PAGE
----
338 RUM Scope

Discussion in 'Long Range Scopes and Other Optics' started by Double AA, Feb 28, 2007.

  1. Double AA

    Double AA Member


    I just bought a 338 RUM LSS and I'm looking for a scope in the 4x14 range or possibly higher. I don't want to give up too much FOV. I have S&B, Zeiss, Leupold and Burris on other rifles. I like the size, quality and cost of the 4x14x44 Zeiss. I'm concerned that the Zeiss will hold up to the recoil. Does anyone have any long term experience with this scope on a rifle of equal or heavier recoil? I know Night Force has a good reputation for durability but I would like to keep the size, weight and cost down if at all possible. Thanks in advance,

    Double AA
     
  2. Sendero_Man

    Sendero_Man <strong>SPONSOR</strong>

     

  3. royinidaho

    royinidaho Writers Guild


    With a brake its a different story. I trashed a scope on the 338 Win after the brake was installed. Went with a Weaver 4.5X14 Tactical and it held up on the Win w/250s @ 2800, the Rum w/250s @ ~3000 and 300 SMKs @ just over 2700.
     
  4. Sendero_Man

    Sendero_Man <strong>SPONSOR</strong>

     
  5. bailey1474

    bailey1474 <strong>SPONSOR</strong>

     
  6. POP

    POP Well-Known Member

    A braked rifle is harder on scopes than a non braked rifle. W/ a non braked rifle, the force of the recoil is in one direction and in one motion. W/a braked rifle, the recoil of the bullet down the bore starts the gun back and then the gases exiting through the brake then pull the gun forward. The result is ALOT more stress on the scope as it starts reward and is then jerked back forward. This is why good rings are a necessity on a braked rifle as well.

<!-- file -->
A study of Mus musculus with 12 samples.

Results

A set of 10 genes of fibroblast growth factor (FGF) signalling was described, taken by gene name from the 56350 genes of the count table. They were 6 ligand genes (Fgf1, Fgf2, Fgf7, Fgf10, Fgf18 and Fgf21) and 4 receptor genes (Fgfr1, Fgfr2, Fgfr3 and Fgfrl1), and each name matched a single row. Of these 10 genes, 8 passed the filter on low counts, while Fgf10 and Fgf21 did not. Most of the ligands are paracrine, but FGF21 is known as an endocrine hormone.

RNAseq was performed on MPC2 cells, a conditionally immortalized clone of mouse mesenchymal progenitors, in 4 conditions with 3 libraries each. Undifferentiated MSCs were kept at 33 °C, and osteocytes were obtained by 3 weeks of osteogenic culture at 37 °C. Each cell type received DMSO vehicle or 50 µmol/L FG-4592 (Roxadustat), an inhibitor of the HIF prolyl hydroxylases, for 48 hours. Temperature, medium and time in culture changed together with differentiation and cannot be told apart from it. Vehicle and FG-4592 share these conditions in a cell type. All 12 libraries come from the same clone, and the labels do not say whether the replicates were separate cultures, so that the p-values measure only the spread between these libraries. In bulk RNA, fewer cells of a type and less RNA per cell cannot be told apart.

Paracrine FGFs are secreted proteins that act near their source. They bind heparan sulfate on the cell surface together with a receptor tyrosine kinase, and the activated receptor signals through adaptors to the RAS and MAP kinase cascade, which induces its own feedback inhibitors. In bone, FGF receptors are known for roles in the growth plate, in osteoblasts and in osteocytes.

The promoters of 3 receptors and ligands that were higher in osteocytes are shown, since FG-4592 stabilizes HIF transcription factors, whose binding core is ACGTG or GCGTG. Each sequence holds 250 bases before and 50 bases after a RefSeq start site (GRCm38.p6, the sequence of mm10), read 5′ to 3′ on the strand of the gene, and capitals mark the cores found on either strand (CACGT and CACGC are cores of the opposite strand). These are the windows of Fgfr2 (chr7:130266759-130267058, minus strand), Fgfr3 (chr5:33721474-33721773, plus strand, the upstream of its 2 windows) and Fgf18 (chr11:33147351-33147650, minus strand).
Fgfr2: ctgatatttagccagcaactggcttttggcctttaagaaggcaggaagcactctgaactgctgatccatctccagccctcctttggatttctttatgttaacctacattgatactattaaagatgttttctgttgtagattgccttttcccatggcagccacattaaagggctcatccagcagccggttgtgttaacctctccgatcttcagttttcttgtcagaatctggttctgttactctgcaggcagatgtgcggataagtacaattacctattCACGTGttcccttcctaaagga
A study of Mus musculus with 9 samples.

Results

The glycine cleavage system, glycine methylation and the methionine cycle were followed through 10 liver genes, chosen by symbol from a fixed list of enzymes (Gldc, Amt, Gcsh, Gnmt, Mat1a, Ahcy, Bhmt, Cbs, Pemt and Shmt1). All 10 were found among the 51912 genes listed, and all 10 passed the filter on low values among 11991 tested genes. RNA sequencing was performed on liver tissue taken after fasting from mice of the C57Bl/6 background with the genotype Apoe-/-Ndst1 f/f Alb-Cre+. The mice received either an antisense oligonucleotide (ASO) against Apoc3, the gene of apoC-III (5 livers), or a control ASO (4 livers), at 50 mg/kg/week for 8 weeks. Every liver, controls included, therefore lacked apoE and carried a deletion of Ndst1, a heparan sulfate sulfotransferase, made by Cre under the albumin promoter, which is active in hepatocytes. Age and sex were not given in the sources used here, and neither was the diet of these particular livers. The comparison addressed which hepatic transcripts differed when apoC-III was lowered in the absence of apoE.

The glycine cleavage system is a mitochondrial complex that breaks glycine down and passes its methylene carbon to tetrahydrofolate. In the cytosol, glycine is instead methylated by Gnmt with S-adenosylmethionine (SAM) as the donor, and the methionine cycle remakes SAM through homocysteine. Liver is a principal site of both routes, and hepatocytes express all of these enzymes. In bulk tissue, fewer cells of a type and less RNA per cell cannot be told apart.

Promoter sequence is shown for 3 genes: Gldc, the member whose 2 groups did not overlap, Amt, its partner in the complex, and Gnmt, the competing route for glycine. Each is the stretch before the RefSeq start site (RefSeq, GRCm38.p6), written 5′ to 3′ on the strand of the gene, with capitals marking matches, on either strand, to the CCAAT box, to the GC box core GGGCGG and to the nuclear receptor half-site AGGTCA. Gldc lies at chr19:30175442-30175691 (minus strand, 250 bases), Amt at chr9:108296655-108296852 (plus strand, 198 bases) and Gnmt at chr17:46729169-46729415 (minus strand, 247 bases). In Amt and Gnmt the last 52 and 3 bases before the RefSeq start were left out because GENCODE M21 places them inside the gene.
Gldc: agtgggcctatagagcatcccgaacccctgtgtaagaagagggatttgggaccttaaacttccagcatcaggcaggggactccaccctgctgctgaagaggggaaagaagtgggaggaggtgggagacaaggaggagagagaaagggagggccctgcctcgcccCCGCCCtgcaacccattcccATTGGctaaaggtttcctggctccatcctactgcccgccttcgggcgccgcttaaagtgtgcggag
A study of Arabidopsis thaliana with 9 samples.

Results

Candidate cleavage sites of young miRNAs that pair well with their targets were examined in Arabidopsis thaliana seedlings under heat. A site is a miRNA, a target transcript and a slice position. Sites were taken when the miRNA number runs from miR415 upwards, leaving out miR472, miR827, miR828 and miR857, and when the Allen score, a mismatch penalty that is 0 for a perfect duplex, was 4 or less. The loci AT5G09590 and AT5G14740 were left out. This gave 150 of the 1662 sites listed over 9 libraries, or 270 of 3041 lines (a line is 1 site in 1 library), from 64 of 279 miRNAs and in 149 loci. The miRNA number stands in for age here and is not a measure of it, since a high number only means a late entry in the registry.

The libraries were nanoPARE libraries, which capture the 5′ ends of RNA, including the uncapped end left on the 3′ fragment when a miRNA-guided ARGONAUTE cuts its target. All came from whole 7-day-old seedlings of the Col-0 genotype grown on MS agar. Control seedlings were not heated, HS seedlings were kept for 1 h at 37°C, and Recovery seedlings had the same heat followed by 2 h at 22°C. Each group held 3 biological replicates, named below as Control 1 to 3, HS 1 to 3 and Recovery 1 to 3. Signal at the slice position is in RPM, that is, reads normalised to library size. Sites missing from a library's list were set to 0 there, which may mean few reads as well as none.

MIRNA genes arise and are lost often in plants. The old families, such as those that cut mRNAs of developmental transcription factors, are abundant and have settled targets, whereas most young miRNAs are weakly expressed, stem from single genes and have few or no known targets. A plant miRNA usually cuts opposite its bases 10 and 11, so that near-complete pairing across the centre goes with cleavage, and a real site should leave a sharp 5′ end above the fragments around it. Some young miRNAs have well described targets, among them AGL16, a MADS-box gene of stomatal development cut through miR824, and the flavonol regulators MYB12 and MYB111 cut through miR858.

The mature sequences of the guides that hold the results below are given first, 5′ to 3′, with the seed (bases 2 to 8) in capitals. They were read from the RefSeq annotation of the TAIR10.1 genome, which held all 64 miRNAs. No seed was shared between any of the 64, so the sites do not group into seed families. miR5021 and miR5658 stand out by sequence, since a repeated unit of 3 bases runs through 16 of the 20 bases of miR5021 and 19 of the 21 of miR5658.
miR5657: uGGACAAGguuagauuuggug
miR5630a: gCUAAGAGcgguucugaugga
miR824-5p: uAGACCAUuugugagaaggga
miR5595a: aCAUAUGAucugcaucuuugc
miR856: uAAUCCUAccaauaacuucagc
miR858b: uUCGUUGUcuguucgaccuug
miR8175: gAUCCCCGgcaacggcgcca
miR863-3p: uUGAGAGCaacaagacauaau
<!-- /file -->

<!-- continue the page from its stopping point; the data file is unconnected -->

[/ QUOTE ]

    The man is correct...as usual!
     
  7. royinidaho

    royinidaho Writers Guild

    elaborate Roy.... after the brake was on you trashed scopes ?? me confused

    [/ QUOTE ]

    What Bill Bailey said!!

    The Alaskan Guide didn't last 20 shots w/the brake. One can be put on an air rifle and get the same results. /ubbthreads/images/graemlins/frown.gif
     
  8. lerch

    lerch <strong>SPONSOR</strong>


    and i gotta work beside the freakin carney midget!!!!!!!! /ubbthreads/images/graemlins/grin.gif /ubbthreads/images/graemlins/grin.gif /ubbthreads/images/graemlins/grin.gif /ubbthreads/images/graemlins/grin.gif
     
  9. Double AA

    Double AA Member


    Before I buy the Zeiss is there anything else around that magnification range I should look at?
     
  10. Sendero_Man

    Sendero_Man <strong>SPONSOR</strong>


    Instead of everyone picking on me and making fun, things were explained well and politely.

    Thanks Bill for the good answer. Guess I learned something new and will know better when something is asked again...

    Hats off to ya ! /ubbthreads/images/graemlins/cool.gif
     
  11. bailey1474

    bailey1474 <strong>SPONSOR</strong>

     
  12. Sendero_Man

    Sendero_Man <strong>SPONSOR</strong>

     
  13. ShoMeWhitetails

    ShoMeWhitetails Active Member


    They are a class act, I learn something every single day, you guys are the greatest.........Thank you!

    I have 338 RUM, now I know what to do.
     
  14. Dark Side

    Dark Side Active Member

    A braked rifle is harder on scopes than a non braked rifle. W/ a non braked rifle, the force of the recoil is in one direction and in one motion. W/a braked rifle, the recoil of the bullet down the bore starts the gun back and then the gases exiting through the brake then pull the gun forward. The result is ALOT more stress on the scope as it starts reward and is then jerked back forward. This is why good rings are a necessity on a braked rifle as well.

    [/ QUOTE ]

    Is that the same for sound moderators?